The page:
The Carter administration received a disappointing bit of economic news yesterday - the economy does not seem likely to see the long hoped-for pickup in capital spending, and may even suffer a setback.
A new survey by the Commerce Department shows outlays for new plant and equipment now are likely to rise only 5.9 per cent this year, after adjustment for inflation - barely changed from the 5.5 per cent in a March sampling.
Moreover, that figure was complied using an unrealistic 5.3 per cent inflation rate. If the more likely 7 per cent price-rise figure is used, the gain in capital spending would be only 4 per cent - a cutback from before.
The latest figures were regarded as discouraging. The Carter administration has projected a 7 to 8 per cent "real" increase in plant and equipment outlays for 1978, saying the recovery will slow without it.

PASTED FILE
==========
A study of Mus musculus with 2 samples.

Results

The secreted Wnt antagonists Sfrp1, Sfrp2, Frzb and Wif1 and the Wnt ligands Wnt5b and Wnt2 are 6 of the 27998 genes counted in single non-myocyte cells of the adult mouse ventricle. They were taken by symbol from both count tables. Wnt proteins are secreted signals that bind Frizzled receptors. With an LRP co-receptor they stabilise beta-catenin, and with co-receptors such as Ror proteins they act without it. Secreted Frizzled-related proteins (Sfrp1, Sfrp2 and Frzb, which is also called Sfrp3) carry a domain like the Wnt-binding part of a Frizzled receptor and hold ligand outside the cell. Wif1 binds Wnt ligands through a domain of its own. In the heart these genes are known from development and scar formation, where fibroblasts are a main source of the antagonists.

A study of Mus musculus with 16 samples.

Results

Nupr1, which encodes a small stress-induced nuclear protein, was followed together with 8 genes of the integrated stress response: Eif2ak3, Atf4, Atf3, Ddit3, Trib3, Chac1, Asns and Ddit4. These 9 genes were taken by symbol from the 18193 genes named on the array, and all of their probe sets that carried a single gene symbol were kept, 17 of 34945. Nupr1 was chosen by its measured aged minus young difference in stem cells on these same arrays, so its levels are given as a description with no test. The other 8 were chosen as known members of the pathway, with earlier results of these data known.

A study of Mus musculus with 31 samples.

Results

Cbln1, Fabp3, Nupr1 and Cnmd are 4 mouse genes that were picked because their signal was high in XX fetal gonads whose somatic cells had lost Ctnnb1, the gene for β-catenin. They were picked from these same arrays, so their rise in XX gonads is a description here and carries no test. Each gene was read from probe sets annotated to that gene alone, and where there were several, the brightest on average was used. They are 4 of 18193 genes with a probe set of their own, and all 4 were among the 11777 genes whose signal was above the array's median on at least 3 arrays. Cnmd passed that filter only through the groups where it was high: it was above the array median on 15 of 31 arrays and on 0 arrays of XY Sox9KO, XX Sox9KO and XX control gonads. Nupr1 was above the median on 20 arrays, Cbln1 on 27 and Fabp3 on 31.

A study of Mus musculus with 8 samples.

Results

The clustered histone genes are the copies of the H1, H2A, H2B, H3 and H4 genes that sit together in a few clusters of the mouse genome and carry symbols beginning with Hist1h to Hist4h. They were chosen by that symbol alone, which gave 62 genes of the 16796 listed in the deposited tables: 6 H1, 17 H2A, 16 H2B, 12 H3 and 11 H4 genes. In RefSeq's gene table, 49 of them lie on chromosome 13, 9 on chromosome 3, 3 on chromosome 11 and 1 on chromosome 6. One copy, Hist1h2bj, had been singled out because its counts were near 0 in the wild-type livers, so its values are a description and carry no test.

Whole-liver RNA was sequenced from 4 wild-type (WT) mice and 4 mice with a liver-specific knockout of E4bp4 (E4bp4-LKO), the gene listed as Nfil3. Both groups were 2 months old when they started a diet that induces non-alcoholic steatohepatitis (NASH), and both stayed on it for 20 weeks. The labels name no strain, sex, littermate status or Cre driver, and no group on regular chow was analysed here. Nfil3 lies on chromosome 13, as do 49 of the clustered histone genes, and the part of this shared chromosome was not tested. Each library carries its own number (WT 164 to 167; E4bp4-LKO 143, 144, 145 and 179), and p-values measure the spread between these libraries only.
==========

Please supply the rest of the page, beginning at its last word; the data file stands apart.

The figures constrast sharply with a striking 17 per cent "real" increase in capital spending for 1978 projected last month in a survey by the McGraw-Hill publishing company. But analysts say that survey usually is high.
The report comes on the heels of a lackluster first-quarter performance that stemmed primarily from the impact of the coal strike and cold-weather. Because of these factors, many firms pushed spending plans off to summer or fall.
Analysts said the first-quarter's poor showing was a fluke, but they gave no encouragement about prospects for the rest of the year. Actual outlays in the first quarter were about $2 billion, or 1.5 per cent, below projections.
The outlook for capital spending is important because some increase is needed to keep the recovery rolling. Some economists already foresee a falloff in consumer spending this fall with little to provide new thrust.
The new estimates for total capital spending in 1978 showed a total of $151 billion, 11.2 per cent above 1977's levels, before accounting for inflation.The "real" increase in capital outlays last year amounted to 7 per cent.